The Hardest Question was an experiment in preaching the Revised Common Lectionary. All posting is finished, but the content will continue to live here in archive form. You can discover new content by former THQ curator Russell Rathbun at Question the Text.

 

An Ocean of Tears

Come on! Is it really possible to all get along?

by Roy M. Terry IV

Epistle Reading:  Ephesians 4:25-5:2

For Sunday, August 12, 2012:  Year B − Ordinary 19

When I read this text in Ephesians I can’t help but think of Bobby McFerrin’s song ”Don’t Worry, Be Happy“ or, even, Rodney King’s hope filled statement after suffering a brutal attack which lead to several days of rioting in LA—“Can’t we all just get along?”

I’m not making light of hope but just being realistic about the complexity of the human condition.  The church truly would be a great place if everyone could put aside falsehood, evil talk, stealing, bitterness, wrath, etc. (you can read the list). The struggle is with the oversimplification of how that work is to be accomplished. Just don’t do those things and it will be all right! Just imitate God and love one another—it is just that simple!

Queasy Stomach

Sappy songs give me a queasy stomach. Queasy, because I just don’t think they are being truthful—happy, euphoric, optimistic and escapist, but not truthful.

I often find more comfort in songs like “Take This Job And Shove It” or “Sad But True” for at least they are being honest. Truth-telling is difficult work and it takes a lifetime of practice and formation to arrive at honest embodiment. The one major kudo I do give the author of the text is that at least the pericope begins with a call to truthfulness. Truth-telling is not easy for there will be conflict.

It’s Not That Simple

The world is longing for truth and the church is doing everything to avoid conflict. It is easy enough, as most pastors and churches do, to reduce the text to a litany of niceness. Wemyself included—will use the language of love and light as a tool to calm the masses, sidetrack the disgruntled choir, or avoid interpersonal conflict, but are we really being truthful?

“Can’t we all just love one another?” No! It’s not that simple. We speak of what we should “be” and “do” but never really work on how we arrive at being and doing. We isolate ourselves within the walls of the church in order to protect ourselves from being in relationship with others. Our fear of conflict gets in the way of actually practicing the work of forgiveness, reconciliation and genuine love. Avoiding conflict is really our fear of the truth.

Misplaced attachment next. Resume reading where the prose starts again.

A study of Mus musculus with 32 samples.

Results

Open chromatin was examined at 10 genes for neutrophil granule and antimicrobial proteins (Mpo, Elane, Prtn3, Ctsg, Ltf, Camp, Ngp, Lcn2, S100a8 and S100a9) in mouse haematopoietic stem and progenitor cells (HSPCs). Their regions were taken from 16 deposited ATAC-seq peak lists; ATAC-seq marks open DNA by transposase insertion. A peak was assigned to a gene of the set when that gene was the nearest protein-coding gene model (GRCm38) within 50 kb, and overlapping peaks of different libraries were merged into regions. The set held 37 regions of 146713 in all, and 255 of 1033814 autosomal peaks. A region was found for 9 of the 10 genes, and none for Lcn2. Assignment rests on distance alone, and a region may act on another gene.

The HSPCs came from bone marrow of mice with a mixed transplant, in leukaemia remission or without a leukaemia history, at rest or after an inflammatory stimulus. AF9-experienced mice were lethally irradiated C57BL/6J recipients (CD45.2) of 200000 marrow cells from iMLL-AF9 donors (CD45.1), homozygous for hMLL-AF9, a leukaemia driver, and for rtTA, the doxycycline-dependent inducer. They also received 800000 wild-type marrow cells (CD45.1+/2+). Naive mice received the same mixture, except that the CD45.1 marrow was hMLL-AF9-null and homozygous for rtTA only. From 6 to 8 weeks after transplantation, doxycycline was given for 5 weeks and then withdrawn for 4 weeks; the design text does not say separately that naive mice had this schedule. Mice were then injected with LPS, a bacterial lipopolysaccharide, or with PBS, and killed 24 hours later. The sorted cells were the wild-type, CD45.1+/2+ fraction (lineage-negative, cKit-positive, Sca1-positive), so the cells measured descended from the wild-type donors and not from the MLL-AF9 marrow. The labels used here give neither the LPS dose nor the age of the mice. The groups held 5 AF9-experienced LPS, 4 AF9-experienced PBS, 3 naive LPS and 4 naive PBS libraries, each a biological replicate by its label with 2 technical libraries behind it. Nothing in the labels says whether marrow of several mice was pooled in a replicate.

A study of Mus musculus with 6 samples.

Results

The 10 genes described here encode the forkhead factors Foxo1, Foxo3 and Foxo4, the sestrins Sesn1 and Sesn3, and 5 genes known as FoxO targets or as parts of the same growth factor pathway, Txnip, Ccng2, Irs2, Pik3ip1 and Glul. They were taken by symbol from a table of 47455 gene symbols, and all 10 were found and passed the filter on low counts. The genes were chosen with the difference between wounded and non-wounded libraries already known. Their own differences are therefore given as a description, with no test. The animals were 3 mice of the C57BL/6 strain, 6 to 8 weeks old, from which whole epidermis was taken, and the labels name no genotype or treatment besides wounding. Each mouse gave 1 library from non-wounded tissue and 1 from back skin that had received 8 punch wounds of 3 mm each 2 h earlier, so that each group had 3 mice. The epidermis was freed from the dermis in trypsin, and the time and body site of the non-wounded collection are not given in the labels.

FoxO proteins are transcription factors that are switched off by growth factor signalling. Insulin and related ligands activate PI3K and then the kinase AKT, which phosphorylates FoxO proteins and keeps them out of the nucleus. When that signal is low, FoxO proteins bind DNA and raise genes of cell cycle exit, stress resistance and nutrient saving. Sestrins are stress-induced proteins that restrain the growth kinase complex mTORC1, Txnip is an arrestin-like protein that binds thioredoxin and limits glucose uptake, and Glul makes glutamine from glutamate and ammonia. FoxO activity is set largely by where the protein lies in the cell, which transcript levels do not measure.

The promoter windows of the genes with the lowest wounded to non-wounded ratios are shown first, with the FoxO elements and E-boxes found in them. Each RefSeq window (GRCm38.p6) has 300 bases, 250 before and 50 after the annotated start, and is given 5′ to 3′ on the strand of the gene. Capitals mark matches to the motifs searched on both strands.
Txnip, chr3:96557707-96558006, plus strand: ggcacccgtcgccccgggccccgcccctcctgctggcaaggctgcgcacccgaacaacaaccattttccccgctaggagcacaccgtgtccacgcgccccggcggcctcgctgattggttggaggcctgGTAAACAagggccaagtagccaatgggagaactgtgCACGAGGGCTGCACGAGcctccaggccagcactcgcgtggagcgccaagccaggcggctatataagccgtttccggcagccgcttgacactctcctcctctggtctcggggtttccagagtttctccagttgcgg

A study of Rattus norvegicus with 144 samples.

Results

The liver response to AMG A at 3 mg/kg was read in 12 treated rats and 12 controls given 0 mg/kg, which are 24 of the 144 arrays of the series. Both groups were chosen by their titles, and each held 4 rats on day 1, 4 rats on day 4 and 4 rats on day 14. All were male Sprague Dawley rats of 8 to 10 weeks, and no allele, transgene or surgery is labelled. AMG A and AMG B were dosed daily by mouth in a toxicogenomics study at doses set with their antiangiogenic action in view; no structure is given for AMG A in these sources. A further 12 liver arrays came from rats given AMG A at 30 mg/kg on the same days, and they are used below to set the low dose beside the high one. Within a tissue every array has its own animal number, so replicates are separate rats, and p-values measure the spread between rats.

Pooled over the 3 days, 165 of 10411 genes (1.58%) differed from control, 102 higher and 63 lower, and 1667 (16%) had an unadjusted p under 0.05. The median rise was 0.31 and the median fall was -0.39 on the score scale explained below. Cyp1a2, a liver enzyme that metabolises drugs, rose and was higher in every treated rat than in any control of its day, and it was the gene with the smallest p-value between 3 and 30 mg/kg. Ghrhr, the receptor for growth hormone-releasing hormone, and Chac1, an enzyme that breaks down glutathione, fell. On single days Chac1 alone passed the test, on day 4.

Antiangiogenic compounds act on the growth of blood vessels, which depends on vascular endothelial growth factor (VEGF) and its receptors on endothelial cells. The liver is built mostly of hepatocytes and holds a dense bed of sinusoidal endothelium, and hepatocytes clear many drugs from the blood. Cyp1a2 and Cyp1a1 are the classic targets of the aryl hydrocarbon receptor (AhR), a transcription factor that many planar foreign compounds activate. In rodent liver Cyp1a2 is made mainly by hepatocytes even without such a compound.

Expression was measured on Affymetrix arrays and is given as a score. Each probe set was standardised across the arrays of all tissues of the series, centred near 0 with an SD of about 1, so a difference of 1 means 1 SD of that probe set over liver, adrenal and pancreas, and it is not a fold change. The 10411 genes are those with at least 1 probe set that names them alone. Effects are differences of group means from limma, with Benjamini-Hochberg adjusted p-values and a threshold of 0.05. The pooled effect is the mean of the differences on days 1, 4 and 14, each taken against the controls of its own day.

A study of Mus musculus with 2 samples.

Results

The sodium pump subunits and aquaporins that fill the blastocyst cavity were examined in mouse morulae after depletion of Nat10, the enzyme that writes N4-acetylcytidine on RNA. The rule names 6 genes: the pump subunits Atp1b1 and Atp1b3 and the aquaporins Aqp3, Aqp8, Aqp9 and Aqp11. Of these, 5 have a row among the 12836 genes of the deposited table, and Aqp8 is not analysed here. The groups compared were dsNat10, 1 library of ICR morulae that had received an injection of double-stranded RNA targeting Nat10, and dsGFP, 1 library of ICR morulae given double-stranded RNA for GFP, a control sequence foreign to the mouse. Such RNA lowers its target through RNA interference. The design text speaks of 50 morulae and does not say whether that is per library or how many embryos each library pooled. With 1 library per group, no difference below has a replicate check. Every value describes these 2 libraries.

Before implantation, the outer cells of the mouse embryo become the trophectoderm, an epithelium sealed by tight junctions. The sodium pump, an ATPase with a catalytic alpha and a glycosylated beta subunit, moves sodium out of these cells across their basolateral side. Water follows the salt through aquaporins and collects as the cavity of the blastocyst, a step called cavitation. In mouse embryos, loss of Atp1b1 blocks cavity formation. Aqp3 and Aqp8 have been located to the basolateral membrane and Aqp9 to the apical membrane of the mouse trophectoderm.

Crying An Ocean of Tears

Let’s be honest! The church is a messy, beautiful, place filled with sappy songs, oversimplified answers, and a few queasy stomachs. The call to set aside the litany of the niceness for the litany of the kingdom is a difficult lifelong work. We are afraid of speaking truthfully for fear of conflict and will do everything to avoid it. And, the Holy Spirit is crying an ocean of tears.

The Hardest Question

Is it really possible for us all to get along?


Rev. Roy Terry serves as the pastor of Cornerstone United Methodist Church in Naples, FL. In addition to working at the church, Roy enjoys supporting his wife and daughter’s equestrian pursuits, playing in the Holy Moly Band, getting a few tattoos and singing classic rock tunes at the local sports pub. He has been published in Christian Century, Duke Divinity School’s publication Divinity, The Ekklesia Project, and was a contributor in Diana Butler Bass’ work on re-traditioning churches, From Nomads to Pilgrims and Christianity for the Rest of Us.

Comments

  1. Rob Ferguson says:

    Hi Roy. I resonate with your post. I’m a Methodist now serving in a NZ Presbyterian liberal parish. I agree with you that the church tries to avoid conflict, and that has enormously harmful consequences to truth. I have often wondered whether the church is capable of getting along. My answer is that sometimes it manages more than a limp giggle, but too often the church thinks it has answers to every question going.
    Keep up the good thinking. I’m with you!
    cheers, and greetings from the end of winter.
    Rob
    my blog is roboutandabout [at] wordpress [dot] com

  2. Roy says:

    Rob: Thanks for the post. There are no easy answers! I believe people (for the most part) are tired of “answers” (rules, consumerist church, boxed religion) and ready for a community willing to wrestle with God, the truth and our relationships with each other. Out of conversation, questions and tension come growth, maturity and faith. That’s why I question the light hearted approach some read into the Epistle this week – following Jesus isn’t easy – can be a bit messy – but there is nothing more spectacular!

    Grace & Peace

    Roy

  3. Susan says:

    I agree with you that speaking the truth takes not only courage but a lifetime of figuring out what it is. And when we figure out what is true, before we speak it we are further admonished in the scripture to use our words, the truth, to build up, to minister grace with those words. Its not our mother’s admonition, “If you can’t say something nice, don’t say anything at all…” The letter asks us to use the truth to bless each other.